Mona Kuhn in "The Last Magazine" by Kevin Greenberg
"Mona Kuhn's Private Pictures" (March 10, 2015)
April 25, 2015
Photographer Mona Kuhn finds herself returning time and again to the desert. Its peculiar, altered reality, in which forms shimmer and are obliterated in glare and haze, and in which one proceeds, seemingly in vain, toward an ever-receding and indistinct horizon, have long fascinated Kuhn.
“There’s a certain magic to that climate,” Kuhn says. “I find myself drawn there more and more. It’s a fascinating ecosystem. For all the seeming emptiness, it’s actually teeming with life if you’re willing to sit still and really observe what’s happening just below the surface.”
Kuhn was born in Brazil to German parents, but for some years now she’s made her home in Los Angeles. Kuhn has been taking photos since early adolescence, when her parents gave her a Kodak camera. In the early Nineties, she moved to the United States to begin her studies, and quickly discovered the work of the seminal photographers of that era, including Nan Goldin, whom she cites as a major early influence, along with the underappreciated street photographer Leon Levinstein.
Like both Goldin and Levinstein, Kuhn’s primary focus is the body, and though her early work leans more towards traditional figuration, more recent series have seen her actively broaden her scope, turning her attention to landscape, abstraction, and the body’s relationship to architecture.
For a new monograph, Private, Kuhn’s fifth publication for Steidl, the photographer focused her gaze on the bleached tones and broad expanses of light that bathe the Mojave Desert, a few hours drive from her Los Angeles home. In a series of thoughtful and intimate compositions, Kuhn catalogs flora and fauna, most of it coarse-grained and engineered for survival. Landscapes are windswept and invite introspection. Hard light falls on no-nonsense structures that are built to last.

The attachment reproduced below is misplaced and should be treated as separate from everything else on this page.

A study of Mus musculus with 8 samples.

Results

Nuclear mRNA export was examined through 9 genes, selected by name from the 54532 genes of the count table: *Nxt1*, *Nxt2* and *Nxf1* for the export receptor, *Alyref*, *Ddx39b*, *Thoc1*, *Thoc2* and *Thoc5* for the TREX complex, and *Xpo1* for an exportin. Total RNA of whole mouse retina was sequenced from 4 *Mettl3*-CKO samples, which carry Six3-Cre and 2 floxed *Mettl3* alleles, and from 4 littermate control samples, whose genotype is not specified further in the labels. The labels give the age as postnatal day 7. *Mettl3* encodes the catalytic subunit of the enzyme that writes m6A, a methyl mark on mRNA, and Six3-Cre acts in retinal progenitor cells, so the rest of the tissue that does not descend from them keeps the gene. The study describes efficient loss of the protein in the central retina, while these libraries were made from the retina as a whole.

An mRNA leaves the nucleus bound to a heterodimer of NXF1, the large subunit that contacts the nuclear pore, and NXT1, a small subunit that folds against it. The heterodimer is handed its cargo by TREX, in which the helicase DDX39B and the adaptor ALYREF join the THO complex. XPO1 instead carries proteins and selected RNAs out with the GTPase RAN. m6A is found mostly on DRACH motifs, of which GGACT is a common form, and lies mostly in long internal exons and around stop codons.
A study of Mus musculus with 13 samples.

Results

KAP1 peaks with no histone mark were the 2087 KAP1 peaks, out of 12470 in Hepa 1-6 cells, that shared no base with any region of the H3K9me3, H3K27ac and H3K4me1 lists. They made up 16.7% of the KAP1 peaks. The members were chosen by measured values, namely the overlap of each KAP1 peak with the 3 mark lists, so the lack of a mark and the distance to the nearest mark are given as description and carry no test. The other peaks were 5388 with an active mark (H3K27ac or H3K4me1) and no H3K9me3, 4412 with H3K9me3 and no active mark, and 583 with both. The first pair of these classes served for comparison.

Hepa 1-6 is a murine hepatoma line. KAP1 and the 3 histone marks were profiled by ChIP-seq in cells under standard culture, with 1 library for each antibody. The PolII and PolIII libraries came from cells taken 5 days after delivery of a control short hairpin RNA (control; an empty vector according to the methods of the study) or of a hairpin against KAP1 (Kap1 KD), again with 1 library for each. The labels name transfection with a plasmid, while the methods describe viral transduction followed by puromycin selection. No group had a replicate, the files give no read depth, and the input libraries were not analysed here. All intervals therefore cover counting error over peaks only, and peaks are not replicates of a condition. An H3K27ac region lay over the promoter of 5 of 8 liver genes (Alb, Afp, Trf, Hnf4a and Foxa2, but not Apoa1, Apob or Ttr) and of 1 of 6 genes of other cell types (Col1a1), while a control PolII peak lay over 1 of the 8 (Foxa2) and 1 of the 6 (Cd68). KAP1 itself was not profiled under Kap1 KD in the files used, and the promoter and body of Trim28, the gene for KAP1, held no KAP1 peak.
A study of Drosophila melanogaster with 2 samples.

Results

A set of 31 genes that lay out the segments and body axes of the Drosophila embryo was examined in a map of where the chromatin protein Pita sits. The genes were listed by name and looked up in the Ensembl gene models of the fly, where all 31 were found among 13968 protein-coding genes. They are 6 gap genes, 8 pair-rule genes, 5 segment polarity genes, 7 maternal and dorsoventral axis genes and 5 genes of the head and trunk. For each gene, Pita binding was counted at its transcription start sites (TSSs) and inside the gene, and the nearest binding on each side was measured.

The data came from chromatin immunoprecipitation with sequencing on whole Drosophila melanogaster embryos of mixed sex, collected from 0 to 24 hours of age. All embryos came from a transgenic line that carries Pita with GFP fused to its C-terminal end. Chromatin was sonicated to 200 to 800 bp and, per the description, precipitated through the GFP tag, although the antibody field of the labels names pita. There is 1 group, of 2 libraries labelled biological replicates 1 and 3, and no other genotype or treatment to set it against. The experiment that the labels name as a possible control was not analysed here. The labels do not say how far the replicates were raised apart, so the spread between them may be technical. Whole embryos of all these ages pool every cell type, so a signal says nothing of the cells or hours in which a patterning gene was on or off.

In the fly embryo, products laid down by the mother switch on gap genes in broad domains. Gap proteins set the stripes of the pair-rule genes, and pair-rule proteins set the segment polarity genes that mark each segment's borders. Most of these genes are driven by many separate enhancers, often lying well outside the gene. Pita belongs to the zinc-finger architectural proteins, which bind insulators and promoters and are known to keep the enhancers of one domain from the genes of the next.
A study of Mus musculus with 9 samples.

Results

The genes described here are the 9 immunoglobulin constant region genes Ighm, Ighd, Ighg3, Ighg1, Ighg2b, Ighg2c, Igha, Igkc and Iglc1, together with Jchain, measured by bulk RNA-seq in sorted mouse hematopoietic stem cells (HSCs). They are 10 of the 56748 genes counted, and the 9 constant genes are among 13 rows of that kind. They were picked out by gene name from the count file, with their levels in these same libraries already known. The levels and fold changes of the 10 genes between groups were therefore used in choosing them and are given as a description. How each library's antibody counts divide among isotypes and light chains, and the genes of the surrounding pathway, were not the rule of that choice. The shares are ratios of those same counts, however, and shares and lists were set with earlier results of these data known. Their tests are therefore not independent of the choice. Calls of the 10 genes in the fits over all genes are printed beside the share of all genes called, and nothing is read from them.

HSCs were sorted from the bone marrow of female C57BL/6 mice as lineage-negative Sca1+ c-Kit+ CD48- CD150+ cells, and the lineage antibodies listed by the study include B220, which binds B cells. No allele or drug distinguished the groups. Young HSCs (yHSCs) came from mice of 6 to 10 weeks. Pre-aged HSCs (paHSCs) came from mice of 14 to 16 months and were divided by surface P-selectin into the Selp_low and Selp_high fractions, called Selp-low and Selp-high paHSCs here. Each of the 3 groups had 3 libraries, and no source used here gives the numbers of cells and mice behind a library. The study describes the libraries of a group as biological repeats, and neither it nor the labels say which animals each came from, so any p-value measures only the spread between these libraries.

Punctuated throughout these pages are female nudes, bathed in the same supple light and shadow, their faces mostly serene. As in previous series by Kuhn, the artist employs glass as a secondary lens and means of filtration and dissolution of identity, shooting her subjects from outside of structures, allowing their features to soften and meld with the reflections of the surrounding terrain.
The sequencing of the images in Private is expertly tuned to tease out the complex relationship between the vulnerability of the nude female form and the rugged natural context which Kuhn employs as a backdrop. Kuhn’s models are mostly supine, the softness of their luminous skin a foil and a complement to the jagged, indomitable geology of the landscape in which they find themselves. Against this backdrop, the self is by turns magnified and diminished into a dreamy, sensual phenomenology.
“I was interested in exploring and maximizing those juxtapositions,” Kuhn says, noting that, for her, the body is a site of residence in itself, and the desert is a place full not only of danger and heat, but also magic and sensual pleasure.
Something in Kuhn’s images recalls the observations Jean Baudrillard recorded of driving across the Mojave, a transit he described as “a spectacular form of amnesia”:
“Everything is to be discovered, everything to be obliterated,” he writes. “Admittedly, there is the primal shock of the deserts and the dazzle of California, but when this is gone, the secondary brilliance of the journey begins, that of the excessive, pitiless distance, the infinity of anonymous faces and distances, or of certain miraculous geological formations, which ultimately testify to no human will, while keeping intact an image of upheaval.”
Private is a lovely, dreamlike paean to the arid, depopulated expanses of the American West. Like all of Kuhn’s work, there is an intoxicating poetry to these images that tempts the viewer to revisit them time and again.
Private is out now from Steidl. Kuhn’s “Acido Dorado: Illusions” will launch this Saturday at the Lapis Press, 8563 Higuera Street, Los Angeles.